Bus ridership up 25 percent at Tahoe Truckee schools
TAHOE CITY, Calif. and#8212; When the school district announced it would charge parents for their child’s bus pass this year, transportation officials figured ridership numbers would drop.
The numbers don’t agree.
After averaging about 2,000 riders over the past four years, Tahoe Truckee Unified School District Transportation Director Nanette Rondeau said ridership this year is up 25 percent, to about 2,542 riders per day.
and#8220;We’re just seeing a lot more students ride and#8212; we’re not sure why it is,and#8221; Rondeau said. and#8220;We haven’t really surveyed parents.and#8221;
Part of the bump comes from the district’s lakeside reconfiguration, which has added about 175 riders busing daily from Kings Beach to Tahoe Lake Elementary in Tahoe City or vice versa. That leaves, though, some 325 extra riders.
and#8220;We’d predicted a decrease in ridership,and#8221; said Rondeau, after the district’s board this year approved a parent pay bus pass, ranging from $65 to $150 per student, depending on that family’s financial situation.
and#8220;We saw a decline in first-year ridership at most of the school districts we’d surveyed who went to parent pay. Generally, ridership doesn’t increase until the second year, so we were predicting we’d have about 85 percent of what we had last year.and#8221;
Derrick Rodgers, a Truckee parent, said while he isn’t happy with the extra expense, he doesn’t have many options.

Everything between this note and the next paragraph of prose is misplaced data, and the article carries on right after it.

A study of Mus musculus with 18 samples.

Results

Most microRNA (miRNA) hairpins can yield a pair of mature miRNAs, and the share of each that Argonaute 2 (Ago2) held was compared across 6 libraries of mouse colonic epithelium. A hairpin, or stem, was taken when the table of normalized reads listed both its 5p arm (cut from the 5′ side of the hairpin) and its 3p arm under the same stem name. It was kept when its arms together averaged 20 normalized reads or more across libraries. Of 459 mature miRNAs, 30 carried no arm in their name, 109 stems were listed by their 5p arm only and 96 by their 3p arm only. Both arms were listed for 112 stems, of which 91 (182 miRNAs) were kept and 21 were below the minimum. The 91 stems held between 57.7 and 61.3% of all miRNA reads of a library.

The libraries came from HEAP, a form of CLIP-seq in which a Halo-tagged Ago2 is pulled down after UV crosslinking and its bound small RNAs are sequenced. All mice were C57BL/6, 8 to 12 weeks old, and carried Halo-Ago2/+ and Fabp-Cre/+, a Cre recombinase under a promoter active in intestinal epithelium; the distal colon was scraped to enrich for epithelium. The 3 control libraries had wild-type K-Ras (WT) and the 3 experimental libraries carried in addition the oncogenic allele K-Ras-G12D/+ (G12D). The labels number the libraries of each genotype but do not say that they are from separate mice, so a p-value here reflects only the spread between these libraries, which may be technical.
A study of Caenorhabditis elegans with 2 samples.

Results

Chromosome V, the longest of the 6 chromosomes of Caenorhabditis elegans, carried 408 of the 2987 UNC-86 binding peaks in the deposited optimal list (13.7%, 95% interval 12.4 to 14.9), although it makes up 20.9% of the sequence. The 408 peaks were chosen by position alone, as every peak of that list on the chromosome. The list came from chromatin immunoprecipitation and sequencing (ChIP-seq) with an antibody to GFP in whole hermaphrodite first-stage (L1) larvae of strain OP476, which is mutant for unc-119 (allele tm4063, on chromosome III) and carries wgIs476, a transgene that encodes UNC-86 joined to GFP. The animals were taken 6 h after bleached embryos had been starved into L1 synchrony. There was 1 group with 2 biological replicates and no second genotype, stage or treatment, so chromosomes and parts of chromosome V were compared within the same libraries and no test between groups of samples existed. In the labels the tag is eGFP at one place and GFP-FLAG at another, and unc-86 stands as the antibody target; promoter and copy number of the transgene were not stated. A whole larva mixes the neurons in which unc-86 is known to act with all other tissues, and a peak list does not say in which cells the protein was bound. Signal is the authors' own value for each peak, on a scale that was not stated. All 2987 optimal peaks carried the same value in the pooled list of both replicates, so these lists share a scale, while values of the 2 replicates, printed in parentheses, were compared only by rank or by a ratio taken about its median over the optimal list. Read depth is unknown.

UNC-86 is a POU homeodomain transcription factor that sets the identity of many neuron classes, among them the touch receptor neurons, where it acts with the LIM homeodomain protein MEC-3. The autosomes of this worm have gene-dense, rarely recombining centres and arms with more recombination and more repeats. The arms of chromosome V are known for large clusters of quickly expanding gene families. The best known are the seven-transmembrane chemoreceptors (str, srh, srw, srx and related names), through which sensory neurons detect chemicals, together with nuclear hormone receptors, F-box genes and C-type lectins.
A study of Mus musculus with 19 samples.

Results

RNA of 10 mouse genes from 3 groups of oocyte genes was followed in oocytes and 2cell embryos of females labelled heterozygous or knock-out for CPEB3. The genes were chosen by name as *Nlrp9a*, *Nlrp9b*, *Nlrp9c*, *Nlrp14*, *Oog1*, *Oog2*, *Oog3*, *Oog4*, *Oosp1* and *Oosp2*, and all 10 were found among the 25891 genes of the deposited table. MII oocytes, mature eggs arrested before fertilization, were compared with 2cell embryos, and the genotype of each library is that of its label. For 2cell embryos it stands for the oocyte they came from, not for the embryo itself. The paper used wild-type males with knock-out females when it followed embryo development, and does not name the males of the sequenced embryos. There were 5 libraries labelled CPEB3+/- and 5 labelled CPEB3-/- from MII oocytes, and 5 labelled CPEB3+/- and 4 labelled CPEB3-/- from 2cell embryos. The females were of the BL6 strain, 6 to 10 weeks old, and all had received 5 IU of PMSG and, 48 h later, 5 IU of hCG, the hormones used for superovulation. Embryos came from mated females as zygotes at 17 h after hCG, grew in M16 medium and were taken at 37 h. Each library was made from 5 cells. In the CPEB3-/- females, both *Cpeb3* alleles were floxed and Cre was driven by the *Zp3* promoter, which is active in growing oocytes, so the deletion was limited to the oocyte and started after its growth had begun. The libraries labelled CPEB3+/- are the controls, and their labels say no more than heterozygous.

and#8220;I don’t really have the time to both drop my kid off and then pick up in the afternoon, so you just pay it and move on,and#8221; Rodgers said. and#8220;It’s an extra expense, but you still have to get your kid to school.and#8221;
As of the end of October, 1,269 passes were sold at the full price (first child $150, second and third $50, fourth rides free), 1,097 free passes were given away and 161 sold at the reduced rate ($65 for first student, $40 for siblings).
Whether a student pays full, reduced or not at all equates to his or her family’s financial situation and is determined by qualifications for the state’s free and reduced lunch program.
The parent pay plan was spawned out of this year’s budget reduction process as a way for the transportation/special education budget to reduce its estimated $800,000 encroachment on the district’s general fund.
Rondeau said the parent play pan is projected to make a revenue of about $50,000 this year to deduct from the encroachment.
The Northern Sierra Air Quality Management District recently informed the school district’s transportation department it would receive $140,000 for about six diesel particulate traps, which reduce emissions generated by school buses.
The Environmental Protection Agency has commanded all school bus fleets become at least 21 percent EPA compliant with the agency’s emissions standards by 2010. According to TTUSD’s transportation department, the addition of the particulate traps means the district’s fleet is 71 percent compliant.